Did Fallout 76 launch too early or just in time to be saved?

There’s a famous quote around the game industry often attributed to legendary Nintendo designer Shigeru Miyamoto: “A delayed game is eventually good, but a rushed game is forever bad.” That may have been true when he said it, but it seems a little outdated in today’s “launch now and patch it later” game industry.

I’ve been thinking about this a lot since listening to an IGN interview with Bethesda’s Todd Howard yesterday about what he admits was a “bumpy” rollout for last year. In the interview, Howard acknowledges it was a “very difficult development on that game to get it where it was,” noting that “any time you’re going to do something new like that you know you’re going to have your bumps.”

was savaged by critics (including our own) at launch for widespread glitches and half-baked content. Looking back, Howard now says he and his team knew “even from the beginning this is not going to be a high Metacritic game.”

That’s partly because “this is not the type of game that people are used to from us,” he suggested. But it’s also because “a lot of those [development] difficulties ended up on the screen,” Howard said. “[We knew] we’re going to get some criticism on it, and a lot of that is very well-deserved criticism.”

In practically the same breath, though, Howard also suggests that this knowingly half-baked launch was not a huge deal for a game like , in the long run. “All of the games like this… It’s not how you launch, it’s what it becomes,” he said. And Bethesda has indeed kept up with a string of updates that have helped sustain a core group of devoted players in the months since launch. “There’s no strategy [for fixing it] other than just keep making the game better,” Howard said. “People who play it will come back.”

We’ll do it live!

For many years now, developers and publishers have talked up the idea of a “minimum viable product” release cycle. You release a game when it fulfills the minimum requirements to attract a core of early adopters, then continue to patch and update it to attract more players. It’s an idea that has only become more prevalent as more gaming devices have become perpetually Internet-connected across the developed world.

Howard’s forthright assessment, then, puts a point on the question that’s front and center in the modern game industry: how good does a game have to be before it’s “minimally viable”? On the opposite side of the coin, how bad does a game have to be before you decide it isn’t ready to see the light of day in its current form?

Recent gaming history has plenty of examples on both sides of that coin. Back in 2013, EA’s reboot was never able to recover from a congestion-plagued launch featuring major gameplay glitches.

, on the other hand, faced its own admitted balance issues and server problems at launch, as well as pushback on the “real money auction house” that underpinned the in-game economy. But after a few expansions and a lot of patches, the game was able to attract an impressive 30 million sales by 2015.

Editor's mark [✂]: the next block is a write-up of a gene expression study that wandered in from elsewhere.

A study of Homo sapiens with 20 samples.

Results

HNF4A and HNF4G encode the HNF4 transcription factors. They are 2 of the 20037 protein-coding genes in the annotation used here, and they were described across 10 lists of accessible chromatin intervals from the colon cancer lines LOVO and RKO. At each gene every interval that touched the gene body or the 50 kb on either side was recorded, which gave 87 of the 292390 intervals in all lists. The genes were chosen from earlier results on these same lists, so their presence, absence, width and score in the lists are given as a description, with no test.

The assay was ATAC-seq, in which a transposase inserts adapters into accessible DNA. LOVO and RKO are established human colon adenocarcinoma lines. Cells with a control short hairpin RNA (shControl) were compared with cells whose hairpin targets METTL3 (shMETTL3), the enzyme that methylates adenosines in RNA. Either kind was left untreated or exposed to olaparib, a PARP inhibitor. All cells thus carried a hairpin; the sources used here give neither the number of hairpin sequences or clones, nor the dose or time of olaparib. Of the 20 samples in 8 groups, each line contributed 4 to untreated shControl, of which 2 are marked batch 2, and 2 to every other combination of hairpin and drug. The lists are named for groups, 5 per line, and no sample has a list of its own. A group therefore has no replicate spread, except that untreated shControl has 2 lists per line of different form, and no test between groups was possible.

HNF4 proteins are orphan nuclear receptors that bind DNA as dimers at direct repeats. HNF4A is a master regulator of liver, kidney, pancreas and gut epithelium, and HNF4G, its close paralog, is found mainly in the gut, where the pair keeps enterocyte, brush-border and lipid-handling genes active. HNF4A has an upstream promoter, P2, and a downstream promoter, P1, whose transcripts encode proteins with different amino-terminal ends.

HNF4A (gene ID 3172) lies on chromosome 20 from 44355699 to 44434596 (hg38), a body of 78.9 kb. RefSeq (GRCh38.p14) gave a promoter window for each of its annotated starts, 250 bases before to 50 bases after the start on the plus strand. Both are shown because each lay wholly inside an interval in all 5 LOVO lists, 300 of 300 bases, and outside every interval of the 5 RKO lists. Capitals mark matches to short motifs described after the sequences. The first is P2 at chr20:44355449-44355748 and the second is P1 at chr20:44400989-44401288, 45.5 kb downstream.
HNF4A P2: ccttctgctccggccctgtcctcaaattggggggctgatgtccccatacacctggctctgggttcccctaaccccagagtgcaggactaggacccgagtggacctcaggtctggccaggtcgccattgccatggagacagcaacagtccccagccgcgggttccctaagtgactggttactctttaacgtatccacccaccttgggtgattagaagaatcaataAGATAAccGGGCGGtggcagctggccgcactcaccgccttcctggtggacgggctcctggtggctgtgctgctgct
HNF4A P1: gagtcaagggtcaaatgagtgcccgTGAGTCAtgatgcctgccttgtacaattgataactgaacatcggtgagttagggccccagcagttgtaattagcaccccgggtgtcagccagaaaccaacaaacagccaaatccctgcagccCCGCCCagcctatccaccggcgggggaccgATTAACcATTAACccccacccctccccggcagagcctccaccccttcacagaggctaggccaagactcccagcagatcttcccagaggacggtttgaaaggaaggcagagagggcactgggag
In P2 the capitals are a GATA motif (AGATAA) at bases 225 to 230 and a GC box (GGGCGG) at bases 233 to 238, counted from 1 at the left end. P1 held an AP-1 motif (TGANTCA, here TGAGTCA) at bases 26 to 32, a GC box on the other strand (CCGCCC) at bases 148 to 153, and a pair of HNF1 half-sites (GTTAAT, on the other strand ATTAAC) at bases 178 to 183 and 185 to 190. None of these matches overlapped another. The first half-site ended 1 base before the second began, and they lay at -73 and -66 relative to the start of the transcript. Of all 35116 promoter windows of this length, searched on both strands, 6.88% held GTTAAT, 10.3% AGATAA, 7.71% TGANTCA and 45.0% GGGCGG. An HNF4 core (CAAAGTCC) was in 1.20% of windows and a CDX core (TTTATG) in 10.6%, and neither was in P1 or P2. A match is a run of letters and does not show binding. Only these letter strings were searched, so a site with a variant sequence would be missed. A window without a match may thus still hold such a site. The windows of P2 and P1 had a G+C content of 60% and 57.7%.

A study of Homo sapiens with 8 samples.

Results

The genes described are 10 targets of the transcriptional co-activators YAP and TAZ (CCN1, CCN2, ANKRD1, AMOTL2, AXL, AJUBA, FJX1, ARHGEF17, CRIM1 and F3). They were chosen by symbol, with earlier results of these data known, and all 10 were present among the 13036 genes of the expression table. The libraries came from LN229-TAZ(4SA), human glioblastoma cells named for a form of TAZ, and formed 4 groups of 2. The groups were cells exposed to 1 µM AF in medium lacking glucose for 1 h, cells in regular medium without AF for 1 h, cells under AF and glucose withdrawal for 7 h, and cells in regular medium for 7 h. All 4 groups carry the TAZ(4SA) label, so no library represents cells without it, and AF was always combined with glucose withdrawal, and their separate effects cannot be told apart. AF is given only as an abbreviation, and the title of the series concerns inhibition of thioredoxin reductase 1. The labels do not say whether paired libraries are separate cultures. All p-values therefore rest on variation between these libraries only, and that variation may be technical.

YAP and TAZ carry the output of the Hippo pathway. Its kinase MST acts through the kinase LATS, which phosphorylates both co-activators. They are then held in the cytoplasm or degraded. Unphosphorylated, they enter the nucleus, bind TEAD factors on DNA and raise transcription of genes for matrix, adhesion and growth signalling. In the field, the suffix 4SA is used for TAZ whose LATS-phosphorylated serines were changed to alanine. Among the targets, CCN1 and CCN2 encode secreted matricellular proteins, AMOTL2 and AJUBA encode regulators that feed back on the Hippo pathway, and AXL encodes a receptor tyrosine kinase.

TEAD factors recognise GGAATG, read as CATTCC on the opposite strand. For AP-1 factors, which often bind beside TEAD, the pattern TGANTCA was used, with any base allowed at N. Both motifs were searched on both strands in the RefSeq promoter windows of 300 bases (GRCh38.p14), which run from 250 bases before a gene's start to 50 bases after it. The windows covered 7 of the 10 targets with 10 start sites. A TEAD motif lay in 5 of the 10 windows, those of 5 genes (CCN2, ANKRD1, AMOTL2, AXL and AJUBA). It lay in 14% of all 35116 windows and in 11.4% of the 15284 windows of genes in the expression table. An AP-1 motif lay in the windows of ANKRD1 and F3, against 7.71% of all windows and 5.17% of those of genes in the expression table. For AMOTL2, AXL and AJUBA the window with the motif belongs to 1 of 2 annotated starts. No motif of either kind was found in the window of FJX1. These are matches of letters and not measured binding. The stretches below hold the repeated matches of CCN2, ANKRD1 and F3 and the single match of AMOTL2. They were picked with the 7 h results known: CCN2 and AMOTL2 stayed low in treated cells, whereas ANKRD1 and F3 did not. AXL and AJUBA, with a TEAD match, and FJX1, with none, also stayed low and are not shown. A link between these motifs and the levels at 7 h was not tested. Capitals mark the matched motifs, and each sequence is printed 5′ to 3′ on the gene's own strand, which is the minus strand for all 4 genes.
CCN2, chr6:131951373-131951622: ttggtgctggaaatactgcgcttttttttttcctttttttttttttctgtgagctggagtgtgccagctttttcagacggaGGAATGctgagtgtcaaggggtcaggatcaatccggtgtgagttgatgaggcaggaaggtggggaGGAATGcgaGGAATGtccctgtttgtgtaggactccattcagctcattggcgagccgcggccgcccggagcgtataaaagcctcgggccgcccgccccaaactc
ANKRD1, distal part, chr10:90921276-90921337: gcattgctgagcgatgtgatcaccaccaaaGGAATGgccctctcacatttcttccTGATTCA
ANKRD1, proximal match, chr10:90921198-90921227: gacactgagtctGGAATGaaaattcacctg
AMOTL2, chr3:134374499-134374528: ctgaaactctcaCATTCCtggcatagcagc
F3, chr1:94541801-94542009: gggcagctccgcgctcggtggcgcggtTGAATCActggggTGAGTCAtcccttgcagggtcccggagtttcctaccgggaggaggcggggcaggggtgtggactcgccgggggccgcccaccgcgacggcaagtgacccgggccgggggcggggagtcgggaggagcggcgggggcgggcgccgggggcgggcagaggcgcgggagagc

It’s not just always-online titles that face this kind of issue—even single-player games can turn around a rocky debut with post-launch attention these days. Back in 2016, critics and players largely felt that ‘s ambition outpaced its actual content (thanks in part to outsized pre-release hype). But the team at Hello Games kept their heads down and plugged away at new features and major expansions that filled out the game’s galaxy-sized sprawl. Now the game is considered a long-term success that can still attract 100,000 concurrent players when new content launches.

The examples are almost too numerous to list. There are the games like , , , , and that were never able to turn things around after moribund launches. Then there are titles like , , XIV, and Bethesda’s own that have found long-term success despite some early troubles. Right now, Bioware’s rough launch of seems to be sitting on the razor’s edge between these two possibilities.

If there’s a pattern to be gleaned from all these examples, it’s that the games that succeed seem to have just enough core appeal in their basic gameplay experience for early users to overlook any launch-window growing pains. Figuring out if that core appeal is there pre-launch, of course, is not an exact science.

Maybe that’s why Howard says that his main takeaway from ‘s launch is that “you have to let it bake with a large live audience for longer than we did. There’s certain things you can never see until it’s running 24/7 for a number of months. If there’s one thing I would have done differently [with ], it’s find a way to let more people at scale play the game 24/7 before you say ‘everybody in, here we go, pay us.'”

So maybe it’s time to update Miyamoto’s famous quote. “A game that can survive a rocky ‘early access’ beta for long enough is eventually good, but a game that’s canceled after losing most of its player base to launch window issues is forever bad.” Not as catchy, but probably more relevant in today’s industry.